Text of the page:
SRINAGAR: Former finance minister Syed Mohammad Altaf Bukhari on Tuesday seconded the opinion of National Conference vice president Omar Abdullah who called for a decisive mandate in the upcoming Assembly elections in Jammu and Kashmir for return of single party Government era in the State, a statement issued here said.
“I personally believe that Kashmir has suffered a lot because of coalition politics that started since 2002. The results of coming assembly elections shall have a huge bearing on the stability and all round development of the State,” Bukhari observed, adding that he leaves it to the conscience of people to choose and vote for any political party of their choice that can safeguard State’s socio-political interests and deliver the best.
The former finance minister observed that coalition politics results in chaotic atmosphere and more often lead to unstable governments that hugely affects the policy making and decisions of government and bring a limitation to them.
“It is my personal experience that coalition government is actually less democratic as the balance of power is inevitably held by the small parties who can barter their support for concessions from the main groups within the coalition. This means that a party with little popular support is able to impose its policies upon the majority by a process of political blackmail,” he remarked.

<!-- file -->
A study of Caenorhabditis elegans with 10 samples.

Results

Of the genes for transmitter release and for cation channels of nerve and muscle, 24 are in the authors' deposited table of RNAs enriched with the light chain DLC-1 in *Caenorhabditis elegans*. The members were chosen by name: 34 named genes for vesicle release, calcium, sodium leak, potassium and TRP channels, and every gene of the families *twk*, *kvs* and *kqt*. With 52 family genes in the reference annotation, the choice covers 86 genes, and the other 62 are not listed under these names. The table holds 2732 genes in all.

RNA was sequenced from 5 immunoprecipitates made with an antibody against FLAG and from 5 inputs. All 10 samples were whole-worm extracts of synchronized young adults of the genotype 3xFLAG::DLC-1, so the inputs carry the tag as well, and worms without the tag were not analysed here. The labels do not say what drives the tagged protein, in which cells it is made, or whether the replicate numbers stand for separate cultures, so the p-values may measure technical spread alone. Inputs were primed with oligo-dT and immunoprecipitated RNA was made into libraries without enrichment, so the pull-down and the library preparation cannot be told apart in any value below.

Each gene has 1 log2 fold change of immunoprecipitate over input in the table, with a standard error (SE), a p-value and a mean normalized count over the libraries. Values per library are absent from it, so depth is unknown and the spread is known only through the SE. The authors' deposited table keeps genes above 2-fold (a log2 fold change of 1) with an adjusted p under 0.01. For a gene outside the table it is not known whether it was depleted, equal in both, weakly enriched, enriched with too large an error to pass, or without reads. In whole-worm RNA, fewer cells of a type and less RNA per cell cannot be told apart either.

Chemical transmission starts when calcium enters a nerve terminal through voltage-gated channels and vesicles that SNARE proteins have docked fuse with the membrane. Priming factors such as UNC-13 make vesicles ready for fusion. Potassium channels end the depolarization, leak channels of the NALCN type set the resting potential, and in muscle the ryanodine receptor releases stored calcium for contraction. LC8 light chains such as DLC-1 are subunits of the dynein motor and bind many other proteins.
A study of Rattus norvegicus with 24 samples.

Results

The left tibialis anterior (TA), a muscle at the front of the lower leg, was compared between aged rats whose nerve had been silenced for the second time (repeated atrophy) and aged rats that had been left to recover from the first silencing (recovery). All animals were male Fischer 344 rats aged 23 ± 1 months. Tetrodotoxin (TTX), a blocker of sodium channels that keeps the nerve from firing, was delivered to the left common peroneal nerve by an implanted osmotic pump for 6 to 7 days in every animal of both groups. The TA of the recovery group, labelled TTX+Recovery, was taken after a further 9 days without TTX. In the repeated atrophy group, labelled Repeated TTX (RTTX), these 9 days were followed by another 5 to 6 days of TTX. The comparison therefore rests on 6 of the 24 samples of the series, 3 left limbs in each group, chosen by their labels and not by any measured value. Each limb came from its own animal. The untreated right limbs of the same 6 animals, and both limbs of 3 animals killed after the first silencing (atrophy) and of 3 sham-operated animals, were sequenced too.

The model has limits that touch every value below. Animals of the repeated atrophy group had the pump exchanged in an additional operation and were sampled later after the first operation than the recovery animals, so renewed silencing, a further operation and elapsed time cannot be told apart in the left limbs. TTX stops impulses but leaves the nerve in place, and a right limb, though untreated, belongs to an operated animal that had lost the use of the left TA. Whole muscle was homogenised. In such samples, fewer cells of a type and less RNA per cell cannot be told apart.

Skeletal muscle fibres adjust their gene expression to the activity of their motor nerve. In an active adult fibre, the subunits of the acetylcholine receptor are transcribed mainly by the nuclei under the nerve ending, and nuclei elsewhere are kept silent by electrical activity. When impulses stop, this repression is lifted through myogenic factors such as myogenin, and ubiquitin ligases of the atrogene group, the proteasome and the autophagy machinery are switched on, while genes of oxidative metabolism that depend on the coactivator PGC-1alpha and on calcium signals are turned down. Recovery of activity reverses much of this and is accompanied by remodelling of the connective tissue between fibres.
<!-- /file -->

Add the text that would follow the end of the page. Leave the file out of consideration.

Referring to the bitter experiments of 2002, 2008 and 2015 coalition government formations in Jammu and Kashmir, Bukhari observed that people of the State suffered immensely due to coalition compulsions. “Be it PDP-Congress, NC-Congress or PDP-BJP coalition governments, all these equations undermined accountability as the interests and expectations of the people and particularly the voters of either of the two coalition partners were not addressed,” Bukhari opined.
He said the recent political developments in the State is a manifestation of demerits of a coalition government. “Sometimes an ideological compass is necessary for governments to navigate in difficult political and economic waters, and coalitions lack such a unifying philosophy. In addition planning for the long-term often requires decisions to be made that are unpopular in the short-term. Coalitions often fail such tests because temporary unpopularity may encourage one of the parties involved to defect, in search of a populist advantage,” the former finance minister observed.
He said such a political equation greatly restricts the ability of governments to deal with major reforms and means that politicians seldom stay in any political party for long enough to get to grips with the expectations of his electorate. “At the same time, the squabbling between political parties that form a coalition government erodes the confidence of the public in their political system and in their elected representatives,” Bukhari observed further.
He appealed people of the State to make their mind for supporting any political party that it deems will usher in a change and address the socio-political and political aspirations of the people. “Jammu and Kashmir is passing through a tumultuous political situation. At this point of time, I appeal the people of all regions and sub regions of the state to get unified and give decisive mandate to any political party that can come up to their expectations and deliver on the ground,” Bukhari averred.